Shocking news has broken today, Wednesday, January 30, in the Washington Post. HSUS has just done a press conference on the issue so it may soon also be on your local TV station or in your paper. Thank heavens it is making news. The Washington Post article, by Rick Weiss, p A04, is headed, "Video Reveals Violations of Laws, Abuse of Cows at Slaughterhouse."
Video footage being released today shows workers at a California slaughterhouse delivering repeated electric shocks to cows too sick or weak to stand on their own; drivers using forklifts to roll the 'downer' cows on the ground in efforts to get them to stand up for inspection; and even a veterinary version of waterboarding in which high-intensity water sprays are shot up animals' noses -- all violations of state and federal laws designed to prevent animal cruelty and to keep unhealthy animals, such as those with mad cow disease, out of the food supply.
"Moreover, the companies where these practices allegedly occurred are major suppliers of meat for the nation's school lunch programs, including in Maryland, according to a company official and federal documents.
"The footage was taken by an undercover investigator for an animal welfare group, who wore a customized video camera under his clothes while working at the facility last year. It is evidence that anti-cruelty and food safety rules are inadequate, and that Agriculture Department inspection and enforcement need to be enhanced, said officials with the Humane Society of the United States, which coordinated the project.
"'These were not rogue employees secretly doing these things,' the investigator said in a telephone interview on the condition of anonymity because he hopes to infiltrate other slaughterhouses. 'This is the pen manager and his assistant doing this right in the open.'"
The meat packing company's operations manager said it was "impossible" that electric prods were used as
"electrical prods are not allowed on the property." He said that he couldn't imagine forklifts being used to move animals, and that it was "absolutely untrue" that water was sprayed up collapsed animals' noses to get them to move. And he boasted about the plant's "massive humane treatment program."
But the Washington Post article tells us, "Video images show those activities, as well as a trailer with Hallmark's name on it."
"In the video, handlers repeatedly apply powerful shocks to the heads, necks, spines and rectums of immobile cows."
"'They wanted to do whatever they could to get them into the kill box, including jabbing them in the eye, slamming into them with a forklift and simulating drowning or waterboarding the animals,' Pacelle said -- all practices that can be seen in the video."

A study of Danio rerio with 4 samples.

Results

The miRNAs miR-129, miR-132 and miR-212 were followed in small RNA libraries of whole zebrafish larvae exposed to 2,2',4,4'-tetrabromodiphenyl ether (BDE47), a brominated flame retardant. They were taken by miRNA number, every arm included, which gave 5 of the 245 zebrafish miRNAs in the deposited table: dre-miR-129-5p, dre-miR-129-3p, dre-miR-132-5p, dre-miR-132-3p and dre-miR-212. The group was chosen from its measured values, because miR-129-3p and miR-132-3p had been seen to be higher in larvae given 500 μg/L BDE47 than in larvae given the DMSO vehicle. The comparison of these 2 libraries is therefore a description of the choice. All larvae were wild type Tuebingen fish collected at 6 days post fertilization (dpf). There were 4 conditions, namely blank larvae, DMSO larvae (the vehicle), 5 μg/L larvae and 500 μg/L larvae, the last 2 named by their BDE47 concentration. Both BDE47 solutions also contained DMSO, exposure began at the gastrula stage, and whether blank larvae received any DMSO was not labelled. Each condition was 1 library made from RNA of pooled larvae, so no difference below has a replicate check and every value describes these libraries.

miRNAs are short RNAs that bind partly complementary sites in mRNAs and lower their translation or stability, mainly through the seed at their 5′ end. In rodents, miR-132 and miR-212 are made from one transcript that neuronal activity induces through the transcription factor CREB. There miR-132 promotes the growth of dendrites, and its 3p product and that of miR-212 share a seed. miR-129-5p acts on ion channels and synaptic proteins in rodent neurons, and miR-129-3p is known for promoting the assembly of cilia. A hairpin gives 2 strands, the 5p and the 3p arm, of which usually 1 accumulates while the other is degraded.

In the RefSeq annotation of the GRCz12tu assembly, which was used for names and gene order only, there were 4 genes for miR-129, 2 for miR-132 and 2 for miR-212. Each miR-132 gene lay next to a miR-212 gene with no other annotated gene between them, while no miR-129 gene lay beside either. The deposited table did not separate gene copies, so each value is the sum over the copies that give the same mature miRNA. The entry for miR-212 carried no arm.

As for USDA inspections, we read:
"The investigator said a USDA inspector appeared twice a day, at 6:30 a.m. and about 12:30 p.m., to look at each cow to be slaughtered that day. The practices occurred before the inspector's appearance, he said, with the goal of getting the animals on their feet for the short time the inspector was there.
"'Every day, I would see downed cattle too sick or injured to stand or walk arriving at the slaughterhouse,' he said. 'Workers would do anything to get the cows to stand on their feet.'"
The web version of the Washington Post article includes a link to some of that video. Check out the full article at http://tinyurl.com/27yyck and if you have the stomach for it, watch the video. If you currently eat beef or drink cow's milk (it is a dairy cow slaughter plant) then I urge you to find the stomach; I urge you using Gretchen Wyler's favorite line, "We must not fail to see with our eyes what they must endure with their bodies."
Please send a letter to the editor thanking the Washington Post for this wonderful coverage. As the HSUS video, but not the Post article, notes that we are watching dairy cows, your letter might address some of the issues around drinking cows' milk.
The Washington Post takes letters at firstname.lastname@example.org . The paper advises, "Please do not send attachments; they will not be read. Letters must be exclusive to The Washington Post, and must include the writer's home address and home and business telephone numbers."
If your local station runs the story, please send a thank you there, and please let me know.
I send multi-thanks to all the people who made sure we saw this Washington Post story.
Yours and the animals',
(DawnWatch is an animal advocacy media watch that looks at animal issues in the media and facilitates one-click responses to the relevant media outlets. You can learn more about it, and sign up for alerts at http://www.DawnWatch.com. You may forward or reprint DawnWatch alerts if you do so unedited -- leave DawnWatch in the title and include this parenthesized tag line. If somebody forwards DawnWatch alerts to you, which you enjoy, please help the list grow by signing up. It is free.)